Neuroendocrine tumours

What are neuroendocrine tumours?

Neuroendocrine tumours (NETs) are a rare form of tumours that appear in the cells of the endocrine cell system. They can be cancerous (malignant) or non-cancerous (benign). There are different types of NETs, and the symptoms range from breathing difficulty, digestive disorders or hormone imbalances.

Where do neuroendocrine tumours appear in the body?

NETs can occur anywhere on the body but mostly occur in the lungs, appendix, small intestine, rectum and pancreas.

What are the symptoms of neuroendocrine tumours?

To begin with, neuroendocrine tumours do not always cause symptoms. General signs of a neuroendocrine tumour include:

  • Pain from a growing tumour
  • A lump that you can feel under the skin
  • Feeling unusually fatigued
  • Weight loss without trying

In cases where NETs produce excess hormones, it may lead to the following symptoms:

  • Skin flushing
  • Frequent urination
  • Dizziness
  • Shakiness
  • Skin rash 

How is a neuroendocrine tumour diagnosed?

The tests used to determine the NET depends on its location within the body. Your doctor will make a physical examination and look for any swollen lymph nodes. A blood and urine test will determine if there are any excess hormones, which are sometimes produced by NETs.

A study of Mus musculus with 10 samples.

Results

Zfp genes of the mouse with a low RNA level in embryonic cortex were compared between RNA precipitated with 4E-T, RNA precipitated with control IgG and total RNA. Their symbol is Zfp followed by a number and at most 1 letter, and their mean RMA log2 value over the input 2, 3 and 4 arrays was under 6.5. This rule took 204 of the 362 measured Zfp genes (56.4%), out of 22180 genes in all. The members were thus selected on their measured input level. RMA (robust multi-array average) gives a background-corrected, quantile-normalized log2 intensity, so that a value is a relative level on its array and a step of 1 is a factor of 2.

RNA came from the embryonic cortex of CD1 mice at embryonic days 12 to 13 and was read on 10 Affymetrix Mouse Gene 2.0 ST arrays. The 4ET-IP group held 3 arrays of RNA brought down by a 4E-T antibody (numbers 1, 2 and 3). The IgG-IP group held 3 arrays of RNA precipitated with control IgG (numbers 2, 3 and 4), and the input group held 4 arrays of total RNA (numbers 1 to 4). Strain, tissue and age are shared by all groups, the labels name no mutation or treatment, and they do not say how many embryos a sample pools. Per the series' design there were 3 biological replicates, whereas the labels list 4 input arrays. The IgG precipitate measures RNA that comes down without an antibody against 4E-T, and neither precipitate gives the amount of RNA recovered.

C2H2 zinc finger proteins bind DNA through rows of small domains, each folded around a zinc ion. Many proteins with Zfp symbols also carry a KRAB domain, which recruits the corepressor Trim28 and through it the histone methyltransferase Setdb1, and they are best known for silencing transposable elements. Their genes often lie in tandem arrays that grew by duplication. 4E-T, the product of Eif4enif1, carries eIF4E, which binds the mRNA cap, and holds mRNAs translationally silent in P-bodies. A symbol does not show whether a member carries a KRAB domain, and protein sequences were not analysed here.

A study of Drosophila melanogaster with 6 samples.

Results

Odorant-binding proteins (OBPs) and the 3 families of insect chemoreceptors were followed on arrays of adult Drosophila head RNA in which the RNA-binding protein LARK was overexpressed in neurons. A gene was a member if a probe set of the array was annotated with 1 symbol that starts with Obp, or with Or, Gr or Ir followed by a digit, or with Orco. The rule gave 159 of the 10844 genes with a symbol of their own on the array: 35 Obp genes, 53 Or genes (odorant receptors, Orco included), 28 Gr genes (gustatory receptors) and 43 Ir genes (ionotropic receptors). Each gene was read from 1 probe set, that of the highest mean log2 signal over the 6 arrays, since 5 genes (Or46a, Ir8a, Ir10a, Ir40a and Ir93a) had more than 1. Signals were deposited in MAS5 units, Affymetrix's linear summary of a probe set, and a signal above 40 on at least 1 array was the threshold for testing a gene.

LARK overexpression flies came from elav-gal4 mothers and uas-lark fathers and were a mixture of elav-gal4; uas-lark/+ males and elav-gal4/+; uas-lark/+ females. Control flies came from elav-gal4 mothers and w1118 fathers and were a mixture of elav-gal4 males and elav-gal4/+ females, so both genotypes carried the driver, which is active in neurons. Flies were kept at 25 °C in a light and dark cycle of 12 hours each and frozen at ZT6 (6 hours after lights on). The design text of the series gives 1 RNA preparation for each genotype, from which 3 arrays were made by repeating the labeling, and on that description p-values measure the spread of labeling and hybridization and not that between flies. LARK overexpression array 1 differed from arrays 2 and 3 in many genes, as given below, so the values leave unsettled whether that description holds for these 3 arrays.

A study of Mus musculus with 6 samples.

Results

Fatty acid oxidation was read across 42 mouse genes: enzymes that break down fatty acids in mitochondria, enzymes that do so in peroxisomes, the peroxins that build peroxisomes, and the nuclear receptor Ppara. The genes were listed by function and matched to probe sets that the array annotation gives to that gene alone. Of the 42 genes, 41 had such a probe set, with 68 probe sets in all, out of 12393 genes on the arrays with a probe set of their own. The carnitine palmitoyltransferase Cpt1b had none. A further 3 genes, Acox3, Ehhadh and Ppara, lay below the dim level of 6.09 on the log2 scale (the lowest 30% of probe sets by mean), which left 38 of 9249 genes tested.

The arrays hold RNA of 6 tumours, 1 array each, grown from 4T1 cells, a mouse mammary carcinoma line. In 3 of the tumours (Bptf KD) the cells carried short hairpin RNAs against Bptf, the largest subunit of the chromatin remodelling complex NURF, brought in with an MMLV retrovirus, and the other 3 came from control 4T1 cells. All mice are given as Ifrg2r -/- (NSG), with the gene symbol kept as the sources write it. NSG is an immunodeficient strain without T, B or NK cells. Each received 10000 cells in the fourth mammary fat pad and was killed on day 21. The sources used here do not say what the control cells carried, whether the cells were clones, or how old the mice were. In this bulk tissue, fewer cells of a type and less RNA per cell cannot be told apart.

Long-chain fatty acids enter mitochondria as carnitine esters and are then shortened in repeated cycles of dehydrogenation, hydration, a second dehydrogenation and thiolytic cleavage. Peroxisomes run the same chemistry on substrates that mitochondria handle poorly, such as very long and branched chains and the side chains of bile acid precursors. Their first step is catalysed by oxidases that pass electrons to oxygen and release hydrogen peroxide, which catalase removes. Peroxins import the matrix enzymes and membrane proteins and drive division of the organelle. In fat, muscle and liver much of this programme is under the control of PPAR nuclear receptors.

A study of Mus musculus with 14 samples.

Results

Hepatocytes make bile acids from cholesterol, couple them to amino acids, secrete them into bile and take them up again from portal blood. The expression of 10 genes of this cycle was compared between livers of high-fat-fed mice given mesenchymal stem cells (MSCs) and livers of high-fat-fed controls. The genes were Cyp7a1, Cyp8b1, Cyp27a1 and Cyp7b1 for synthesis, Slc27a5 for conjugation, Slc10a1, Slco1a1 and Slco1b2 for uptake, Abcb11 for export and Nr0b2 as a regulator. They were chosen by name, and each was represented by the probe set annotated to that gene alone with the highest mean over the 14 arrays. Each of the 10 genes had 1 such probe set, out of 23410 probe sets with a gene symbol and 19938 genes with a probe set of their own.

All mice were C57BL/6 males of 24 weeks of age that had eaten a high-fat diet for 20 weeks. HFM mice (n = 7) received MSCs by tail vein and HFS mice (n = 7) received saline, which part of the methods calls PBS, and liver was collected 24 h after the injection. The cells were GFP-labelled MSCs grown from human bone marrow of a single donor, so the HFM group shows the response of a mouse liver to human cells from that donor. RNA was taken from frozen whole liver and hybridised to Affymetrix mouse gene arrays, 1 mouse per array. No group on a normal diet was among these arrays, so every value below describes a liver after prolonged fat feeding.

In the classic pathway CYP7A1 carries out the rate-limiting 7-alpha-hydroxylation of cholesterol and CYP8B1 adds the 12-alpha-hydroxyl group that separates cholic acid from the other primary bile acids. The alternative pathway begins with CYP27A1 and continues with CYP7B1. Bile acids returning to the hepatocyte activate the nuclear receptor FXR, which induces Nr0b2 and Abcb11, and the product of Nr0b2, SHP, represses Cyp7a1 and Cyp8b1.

Imaging tests such as ultrasounds, CT or MRI scans will be required in order to create pictures of the tumour. In some cases of NETs, images are sometimes created using positron emission tomography (PET), which uses a radioactive tracer that is injected into the vein.

Finally, your doctor may perform a biopsy by removing a sample of cells from the site of the tumour. 

What are the treatment options for neuroendocrine tumours?

Once the tumour has been diagnosed, the treatment process will depend on the location, stage and size of the tumour. Surgery will be required in order to remove the tumour and some of the healthy tissue that surrounds it.

Chemotherapy and radiotherapy may be used alongside surgery if there is a risk that the NET will return after surgery. These therapies may also be used if surgery is not an option for the patient. 

Some targeted therapies known as everolimus (taken as a tablet) and sunitinib (a capsule) can also be used if surgery is not possible or if the NET is getting worse. 

You may also be given medication called somatostatin analogues, such as octreotide or lanreotide, to stop the body from producing too many hormones and to slow the progression of the disease.